The intrinsic muscles of the syrinx fixed to the ends of the bronchial semi-rings ; the edges of both mandibles smooth; hinder aspect of tarsus bilaminated ; wing with ten primaries; tongue non-tubular; nostrils clear of the line of the forehead, the space between the nostril and the edge of the mandible less than the space between the nostril and the culmen; plumage of the nestling resembling that of the adult female, but paler; rectrices twelve ; each nostril covered by a single stiff feather; sexes slightly different ; a single moult.
The only genus of this family contains the Goldcrests, of which four species are known. These birds possess a character which suffices to separate them from all the other Passeres, viz. a stiff, small, and perfect feather over each nostril. This character is sufficiently important, in my opinion, to render it desirable to elevate the Goldcrests to the rank of a family.
The single moult and the simple plumage of the nestling ally the Regulidae to the Crateropodidae; and the former appear to be very closely connected with the last few genera of the Timeliinae, such as Proparus and Lioparus, the hairs over the nostrils in these being replaced by a feather in Regulus, to serve some purpose in its economy which has not yet been discovered.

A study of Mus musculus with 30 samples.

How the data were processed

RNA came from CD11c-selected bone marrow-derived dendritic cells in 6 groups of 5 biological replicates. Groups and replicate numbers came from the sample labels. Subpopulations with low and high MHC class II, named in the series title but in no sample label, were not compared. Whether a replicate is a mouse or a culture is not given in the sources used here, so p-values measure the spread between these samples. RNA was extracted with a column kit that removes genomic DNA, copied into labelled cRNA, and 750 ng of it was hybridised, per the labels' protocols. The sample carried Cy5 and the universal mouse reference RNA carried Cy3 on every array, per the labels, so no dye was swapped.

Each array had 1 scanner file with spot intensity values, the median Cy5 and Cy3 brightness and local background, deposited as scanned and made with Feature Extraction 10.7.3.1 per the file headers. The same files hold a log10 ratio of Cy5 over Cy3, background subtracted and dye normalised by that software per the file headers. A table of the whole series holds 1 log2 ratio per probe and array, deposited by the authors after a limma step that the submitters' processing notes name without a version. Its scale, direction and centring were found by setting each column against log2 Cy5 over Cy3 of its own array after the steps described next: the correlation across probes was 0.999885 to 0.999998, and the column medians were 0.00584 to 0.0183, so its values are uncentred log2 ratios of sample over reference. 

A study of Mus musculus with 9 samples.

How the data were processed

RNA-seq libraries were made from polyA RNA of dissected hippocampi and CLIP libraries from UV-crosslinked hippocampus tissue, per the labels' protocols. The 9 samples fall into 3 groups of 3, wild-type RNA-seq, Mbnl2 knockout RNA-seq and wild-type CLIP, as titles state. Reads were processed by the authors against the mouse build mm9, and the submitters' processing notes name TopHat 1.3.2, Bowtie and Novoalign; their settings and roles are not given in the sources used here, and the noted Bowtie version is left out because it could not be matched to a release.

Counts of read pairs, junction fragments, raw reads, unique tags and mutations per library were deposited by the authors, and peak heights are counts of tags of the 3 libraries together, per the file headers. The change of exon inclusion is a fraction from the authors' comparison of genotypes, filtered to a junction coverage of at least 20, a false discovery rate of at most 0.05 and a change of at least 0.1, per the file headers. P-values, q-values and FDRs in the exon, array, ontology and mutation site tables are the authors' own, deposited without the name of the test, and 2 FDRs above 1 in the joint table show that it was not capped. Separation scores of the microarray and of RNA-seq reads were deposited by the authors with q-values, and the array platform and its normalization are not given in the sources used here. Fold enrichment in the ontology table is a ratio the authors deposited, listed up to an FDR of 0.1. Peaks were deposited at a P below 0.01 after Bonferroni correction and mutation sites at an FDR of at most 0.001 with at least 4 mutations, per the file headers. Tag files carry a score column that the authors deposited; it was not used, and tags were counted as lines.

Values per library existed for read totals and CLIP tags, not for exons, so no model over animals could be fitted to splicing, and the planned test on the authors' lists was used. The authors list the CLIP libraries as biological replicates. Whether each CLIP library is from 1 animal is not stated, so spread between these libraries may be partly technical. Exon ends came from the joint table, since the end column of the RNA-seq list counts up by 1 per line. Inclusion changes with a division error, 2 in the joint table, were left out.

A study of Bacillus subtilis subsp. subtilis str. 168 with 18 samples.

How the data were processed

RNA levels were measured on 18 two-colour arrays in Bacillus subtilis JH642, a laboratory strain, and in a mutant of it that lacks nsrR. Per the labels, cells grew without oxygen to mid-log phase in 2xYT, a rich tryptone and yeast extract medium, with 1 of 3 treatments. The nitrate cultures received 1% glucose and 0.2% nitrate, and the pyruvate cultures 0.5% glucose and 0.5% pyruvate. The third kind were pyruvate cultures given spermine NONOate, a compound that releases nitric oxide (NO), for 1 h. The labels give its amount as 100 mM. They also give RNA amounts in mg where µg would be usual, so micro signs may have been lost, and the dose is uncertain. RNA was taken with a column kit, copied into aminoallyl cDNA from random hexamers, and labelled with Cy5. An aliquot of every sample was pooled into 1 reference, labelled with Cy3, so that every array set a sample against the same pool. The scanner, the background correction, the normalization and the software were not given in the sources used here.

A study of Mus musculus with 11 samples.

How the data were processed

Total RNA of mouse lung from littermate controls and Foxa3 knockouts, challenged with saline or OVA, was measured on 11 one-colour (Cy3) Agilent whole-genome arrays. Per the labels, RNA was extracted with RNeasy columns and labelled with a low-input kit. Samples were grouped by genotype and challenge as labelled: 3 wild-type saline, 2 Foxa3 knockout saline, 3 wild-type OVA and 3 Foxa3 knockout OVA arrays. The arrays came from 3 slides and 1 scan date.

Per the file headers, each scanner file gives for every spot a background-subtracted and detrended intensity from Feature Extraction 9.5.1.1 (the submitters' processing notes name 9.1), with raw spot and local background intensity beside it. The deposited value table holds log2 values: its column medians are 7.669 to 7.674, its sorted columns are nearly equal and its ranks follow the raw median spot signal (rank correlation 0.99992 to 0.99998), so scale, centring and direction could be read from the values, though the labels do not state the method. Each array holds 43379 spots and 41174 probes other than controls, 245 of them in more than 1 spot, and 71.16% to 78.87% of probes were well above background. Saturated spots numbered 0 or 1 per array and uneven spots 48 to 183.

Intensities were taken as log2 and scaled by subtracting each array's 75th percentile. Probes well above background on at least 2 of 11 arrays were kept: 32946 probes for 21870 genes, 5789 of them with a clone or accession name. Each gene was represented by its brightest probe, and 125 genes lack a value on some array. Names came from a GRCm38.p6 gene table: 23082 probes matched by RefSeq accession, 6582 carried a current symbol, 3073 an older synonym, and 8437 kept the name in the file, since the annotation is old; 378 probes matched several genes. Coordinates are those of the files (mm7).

One species of Regulus is a well-known British bird, and the same form is found in India.
In the Regulidae the bill is slender, entire, and about one third the Length of the head; the rictal bristles are long, and the head is subcrested, with a bright patch of feathers on the crown and some coronal streaks ; the wing is short and curved, the first pri¬mary small and the second about equal to the eighth ; the tail is composed of twelve feathers (not of ten, as erroneously stated by Jerdon) and slightly forked; the tarsus and the hind claw are strong, but the foot is feeble.